As the COVID-19 pandemic continues globally, many countries have begun or granted approval for vaccinating their people against the virus. When a safe and effective vaccine is found, it will be important to facilitate the equitable access and distribution of these vaccines to protect people in all countries. People most at risk should be prioritized. While work towards rolling out a safe and effective vaccine fairly is presently underway, we must continue the vital public health actions to subdue transmission and reduce mortality.
In the recent past, the Bay of Bengal has witnessed frequent cyclones. Very severe cyclonic storm Nivar was a tropical cyclone which brought severe impacts to Tamil Nadu and Andhra Pradesh in late November 2020. This month’s cover story ‘Farmers Shift to Climate-resilient Crop’ highlights that over the years, with rising cyclones in Tamil Nadu, farmers have shifted to a ‘climate-resilient’ crop called vetiver (Chrysopogon zizanioides), which was found to be a suitable alternative to cashew and casuarina, which were often getting toppled by cyclone. Farmers found this not just climate-resilient, but also profitable from an income perspective. Research has found the special attributes of vetiver grass that include its longer life, high resistance to extreme climatic variation, finely structured root system, cost effectiveness, and environment friendliness. Under the ‘Aroma Mission’ such climate-resilient crops have been promoted and it will be important to develop desired technology, product and services and promote agri-entrepreneurship to boost cultivation of these crops.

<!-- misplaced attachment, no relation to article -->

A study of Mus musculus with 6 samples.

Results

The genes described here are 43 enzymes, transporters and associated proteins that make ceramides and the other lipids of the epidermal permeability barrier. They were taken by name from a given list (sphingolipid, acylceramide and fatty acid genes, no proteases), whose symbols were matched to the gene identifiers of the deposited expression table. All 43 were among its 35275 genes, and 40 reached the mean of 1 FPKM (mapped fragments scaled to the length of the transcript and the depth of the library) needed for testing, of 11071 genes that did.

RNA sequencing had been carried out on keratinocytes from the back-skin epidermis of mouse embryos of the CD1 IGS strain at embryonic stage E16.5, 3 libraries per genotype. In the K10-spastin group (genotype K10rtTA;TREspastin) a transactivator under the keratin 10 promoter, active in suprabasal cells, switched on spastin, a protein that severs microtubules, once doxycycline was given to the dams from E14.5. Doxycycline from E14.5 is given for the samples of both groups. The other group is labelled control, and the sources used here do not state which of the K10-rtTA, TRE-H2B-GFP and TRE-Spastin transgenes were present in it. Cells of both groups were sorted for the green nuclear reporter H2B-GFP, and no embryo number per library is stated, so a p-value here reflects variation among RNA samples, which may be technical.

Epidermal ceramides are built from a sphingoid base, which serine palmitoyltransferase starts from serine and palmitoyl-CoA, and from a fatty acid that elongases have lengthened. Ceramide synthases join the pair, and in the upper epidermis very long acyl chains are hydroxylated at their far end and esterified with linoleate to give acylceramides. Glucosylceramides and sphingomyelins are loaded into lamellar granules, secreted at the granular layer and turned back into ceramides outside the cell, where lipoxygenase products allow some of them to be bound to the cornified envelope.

This month’s special report ‘Paddy Straw: A Win-Win Fuel’ discusses the problem of the burning of paddy straw that has been identified as one of the major causes of pollution in India. Significantly, burning paddy straw in power plant boilers, industrial boilers and not fields, is a viable option because, for the past few years, various institutions and departments have been encouraging the use of paddy straw for the generation of electricity, and more recently, for the production of ethanol, CBG and bio-char . Establishment of bio-refineries for the utilization of paddy straw has been seen as another viable option. Punjab has projects in various stages of planning for the utilization of 1.5 million tonnes of paddy straw annually. But other than setting up biomass-based power plants, more concrete efforts need to be made in other areas. Paddy straw could be an alternate to fossil fuels and reduce the country’s dependence on imports.
With these articles and many other articles of current interest, we hope that you enjoy reading this issue of TerraGreen. We do look forward to receiving your feedback and letters.